LA Judge Rules Sale Of Clippers Can Move Ahead
AUDIE CORNISH, HOST:
The sale of the Los Angeles Clippers can go ahead. That's the ruling today from an LA superior court judge. As far as the court is concerned, this was a probate case between the basketball team's owner, Donald Sterling, and his wife Shelly. For others, it's a case worth 2 billion dollars - the price tag of the NBA team. Three months ago, the league banned Donald Sterling for life after an audio recording was leaked in which he was heard making racist remarks in private. For more on today's court ruling against Donald Sterling, we're joined by Dan Woike. He's been reporting on the story for The Orange County and Los Angeles Register. Hey there, Dan.
DAN WOIKE: Thanks for having me.
CORNISH: So what were the legal issues at play? What did the judge rule?
WOIKE: Well, today he really decided on three separate things. The first thing was did Shelly Sterling act according to the rules of provisions of the Sterling family trust in removing her husband as a trustee due to mental incapacitation. It wasn't about his capacity per se. That was the first thing. And the judge ruled that she did, she followed the rules. It wasn't done by fraud or anything. And that didn't mean necessarily that even mattered. The second thing he ruled was - because Donald revoked the trust before the filing with the court happened, that the court also had jurisdiction on the matter despite the revoked trust. Lastly, and maybe most importantly, what he ruled was that under this probate code 1310B - this is rare - he found that there would be too much injury to the trust if the sale was halted while Donald put forward an appeal. So I guess the three of those things - I call that the kind of the sweep for Shelly Sterling. It was a monumental day for her. She's not quite out of the woods yet, but she's really close.
CORNISH: In the meantime, does Donald Sterling have any more legal options?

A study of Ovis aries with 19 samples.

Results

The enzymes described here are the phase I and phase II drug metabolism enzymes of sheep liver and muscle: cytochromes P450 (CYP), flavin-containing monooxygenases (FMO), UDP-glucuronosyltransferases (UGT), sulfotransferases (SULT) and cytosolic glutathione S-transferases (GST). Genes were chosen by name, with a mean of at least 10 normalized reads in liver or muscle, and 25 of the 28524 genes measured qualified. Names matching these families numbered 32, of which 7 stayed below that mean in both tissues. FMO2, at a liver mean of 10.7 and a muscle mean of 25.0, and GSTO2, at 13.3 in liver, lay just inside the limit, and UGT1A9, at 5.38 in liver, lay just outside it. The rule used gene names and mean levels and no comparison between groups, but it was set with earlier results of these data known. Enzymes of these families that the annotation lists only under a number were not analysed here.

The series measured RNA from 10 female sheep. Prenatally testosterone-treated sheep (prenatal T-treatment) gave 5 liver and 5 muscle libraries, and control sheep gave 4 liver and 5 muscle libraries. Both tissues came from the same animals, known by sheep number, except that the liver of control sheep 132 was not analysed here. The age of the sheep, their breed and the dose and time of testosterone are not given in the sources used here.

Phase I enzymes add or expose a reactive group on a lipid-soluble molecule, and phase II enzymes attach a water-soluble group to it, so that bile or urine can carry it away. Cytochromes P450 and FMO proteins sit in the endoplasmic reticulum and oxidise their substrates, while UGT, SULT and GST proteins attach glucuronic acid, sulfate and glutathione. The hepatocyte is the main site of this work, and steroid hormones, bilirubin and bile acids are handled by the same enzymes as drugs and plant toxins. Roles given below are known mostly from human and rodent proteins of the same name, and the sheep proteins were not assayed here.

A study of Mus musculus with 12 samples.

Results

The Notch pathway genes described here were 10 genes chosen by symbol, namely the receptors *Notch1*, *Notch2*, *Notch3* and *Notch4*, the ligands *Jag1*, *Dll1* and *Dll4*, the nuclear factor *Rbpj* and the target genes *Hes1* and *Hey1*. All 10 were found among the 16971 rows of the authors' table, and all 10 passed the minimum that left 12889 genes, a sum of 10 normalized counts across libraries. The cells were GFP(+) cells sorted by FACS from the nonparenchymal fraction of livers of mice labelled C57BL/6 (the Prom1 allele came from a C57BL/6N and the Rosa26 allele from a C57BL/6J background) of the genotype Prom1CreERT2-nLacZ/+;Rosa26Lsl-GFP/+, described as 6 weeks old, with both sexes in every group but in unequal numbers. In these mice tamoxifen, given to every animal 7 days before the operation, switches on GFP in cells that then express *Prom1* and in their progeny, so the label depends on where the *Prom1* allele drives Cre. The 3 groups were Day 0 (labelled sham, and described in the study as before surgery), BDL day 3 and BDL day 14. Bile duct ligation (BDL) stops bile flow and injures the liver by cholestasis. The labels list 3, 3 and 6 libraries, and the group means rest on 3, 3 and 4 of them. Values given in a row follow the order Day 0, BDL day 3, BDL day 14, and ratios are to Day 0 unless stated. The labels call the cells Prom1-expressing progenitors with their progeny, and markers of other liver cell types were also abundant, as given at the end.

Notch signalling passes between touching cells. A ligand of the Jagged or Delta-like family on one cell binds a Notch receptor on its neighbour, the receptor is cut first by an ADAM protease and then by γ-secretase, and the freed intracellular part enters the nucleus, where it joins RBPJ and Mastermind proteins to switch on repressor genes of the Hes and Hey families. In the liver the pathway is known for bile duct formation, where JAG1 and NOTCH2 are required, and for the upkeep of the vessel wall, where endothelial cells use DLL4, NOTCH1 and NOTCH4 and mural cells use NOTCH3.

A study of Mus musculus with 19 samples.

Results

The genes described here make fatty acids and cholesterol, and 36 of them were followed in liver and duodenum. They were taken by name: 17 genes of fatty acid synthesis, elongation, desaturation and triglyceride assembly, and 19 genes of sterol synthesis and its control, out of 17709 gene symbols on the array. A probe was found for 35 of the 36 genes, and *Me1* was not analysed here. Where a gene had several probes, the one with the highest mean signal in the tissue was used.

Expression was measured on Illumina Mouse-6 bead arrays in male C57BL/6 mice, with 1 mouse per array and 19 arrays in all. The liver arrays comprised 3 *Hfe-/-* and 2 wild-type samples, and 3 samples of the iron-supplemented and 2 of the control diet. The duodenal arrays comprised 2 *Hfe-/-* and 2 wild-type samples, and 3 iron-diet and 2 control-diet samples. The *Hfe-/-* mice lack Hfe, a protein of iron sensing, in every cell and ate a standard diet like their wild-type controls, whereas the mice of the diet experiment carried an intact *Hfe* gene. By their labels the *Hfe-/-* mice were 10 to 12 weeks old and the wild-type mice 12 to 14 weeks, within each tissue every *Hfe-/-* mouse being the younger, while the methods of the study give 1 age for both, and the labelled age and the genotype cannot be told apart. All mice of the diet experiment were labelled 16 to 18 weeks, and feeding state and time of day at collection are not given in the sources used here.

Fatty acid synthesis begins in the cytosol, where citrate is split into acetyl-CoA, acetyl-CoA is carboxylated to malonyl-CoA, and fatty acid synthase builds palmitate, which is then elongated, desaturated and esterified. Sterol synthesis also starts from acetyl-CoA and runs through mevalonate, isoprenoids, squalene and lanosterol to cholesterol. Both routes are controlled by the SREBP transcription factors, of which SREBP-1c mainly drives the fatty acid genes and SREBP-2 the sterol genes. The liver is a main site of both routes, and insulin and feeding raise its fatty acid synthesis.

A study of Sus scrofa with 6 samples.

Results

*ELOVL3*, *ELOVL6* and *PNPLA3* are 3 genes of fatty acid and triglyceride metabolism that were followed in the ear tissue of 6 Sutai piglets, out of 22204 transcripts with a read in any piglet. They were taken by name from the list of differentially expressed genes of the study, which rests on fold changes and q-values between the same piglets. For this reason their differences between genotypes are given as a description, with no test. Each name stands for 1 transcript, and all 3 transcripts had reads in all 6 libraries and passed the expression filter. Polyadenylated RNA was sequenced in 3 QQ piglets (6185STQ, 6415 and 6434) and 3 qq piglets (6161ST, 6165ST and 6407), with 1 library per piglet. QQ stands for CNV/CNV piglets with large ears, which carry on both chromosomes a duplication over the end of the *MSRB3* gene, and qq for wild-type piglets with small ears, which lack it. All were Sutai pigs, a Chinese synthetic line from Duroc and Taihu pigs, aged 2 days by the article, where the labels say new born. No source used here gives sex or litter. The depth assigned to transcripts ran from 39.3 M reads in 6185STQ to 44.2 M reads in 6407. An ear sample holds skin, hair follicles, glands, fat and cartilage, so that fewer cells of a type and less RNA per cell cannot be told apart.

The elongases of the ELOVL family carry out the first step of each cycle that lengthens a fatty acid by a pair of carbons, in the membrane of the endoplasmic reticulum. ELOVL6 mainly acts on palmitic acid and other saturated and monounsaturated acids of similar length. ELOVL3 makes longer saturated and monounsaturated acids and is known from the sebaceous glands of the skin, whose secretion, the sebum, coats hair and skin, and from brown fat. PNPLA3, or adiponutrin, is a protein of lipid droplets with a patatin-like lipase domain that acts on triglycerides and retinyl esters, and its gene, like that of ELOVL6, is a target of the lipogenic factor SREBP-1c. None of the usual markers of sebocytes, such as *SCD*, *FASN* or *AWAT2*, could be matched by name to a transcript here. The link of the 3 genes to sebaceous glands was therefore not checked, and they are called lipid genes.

WOIKE: Yeah, he does. What he's going to do is he's going to file a writ, which is sort of an emergency appeal that isn't protected under 1310B of the probate code. That could take, you know, he's probably not going to file that, I wouldn't think, for around two weeks. After that, that could be decided in a matter of days or in a matter of weeks. Also he does have other letigations against Shelly Sterling and the NBA from a corporate standpoint, alleging that she didn't have the right place atop the LAC corporation. A very technical lawsuit that could kind of end around the rulings today too. So she still has to win those two fights.
CORNISH: And remind us who's in line to become the next owner of the LA Clippers.
WOIKE: It is the very wealthy and very basketball crazy Steve Ballmer from Microsoft, the former CEO. He has tried to buy multiple NBA teams. I guess most famously failing to buy the Sacramento Kings and relocate them to Seattle. You know, he's very interested in the Clippers obviously, he paid a record 2 billion dollars for them. And according to his attorney's today, there's no threat of him taking that team to Seattle. He wants to keep his investment where it's most profitable and that's in Los Angeles.
CORNISH: And, Dan, in the time we have left, is there any sense that the Clippers as a team with today's ruling?
WOIKE: You know, I think every little bit helps. It was such a dark cloud over them during the playoffs last year when this kind of became a national sensation. And they had to answer questions about it every day, every moment. I think now this kind of starts to ease the burden now, once the transition is final. I think there will be a quick little flood again of attention, but then eventually, hopefully from the player's standpoint, they can put this behind them and they can move forward with a very rich owner who wants to win basketball games.
CORNISH: Dan Woike, thanks so much for talking with us.
WOIKE: Thanks for having me.
CORNISH: That's reporter Dan Woike with The Orange County and Los Angeles Register. He's been reporting on today's court victory for Shelly Sterling. The ruling allows her to sale husband Donald Sterling's NBA team, the Los Angeles Clippers.
NPR transcripts are created on a rush deadline by Verb8tm, Inc., an NPR contractor, and produced using a proprietary transcription process developed with NPR. This text may not be in its final form and may be updated or revised in the future. Accuracy and availability may vary. The authoritative record of NPR’s programming is the audio record.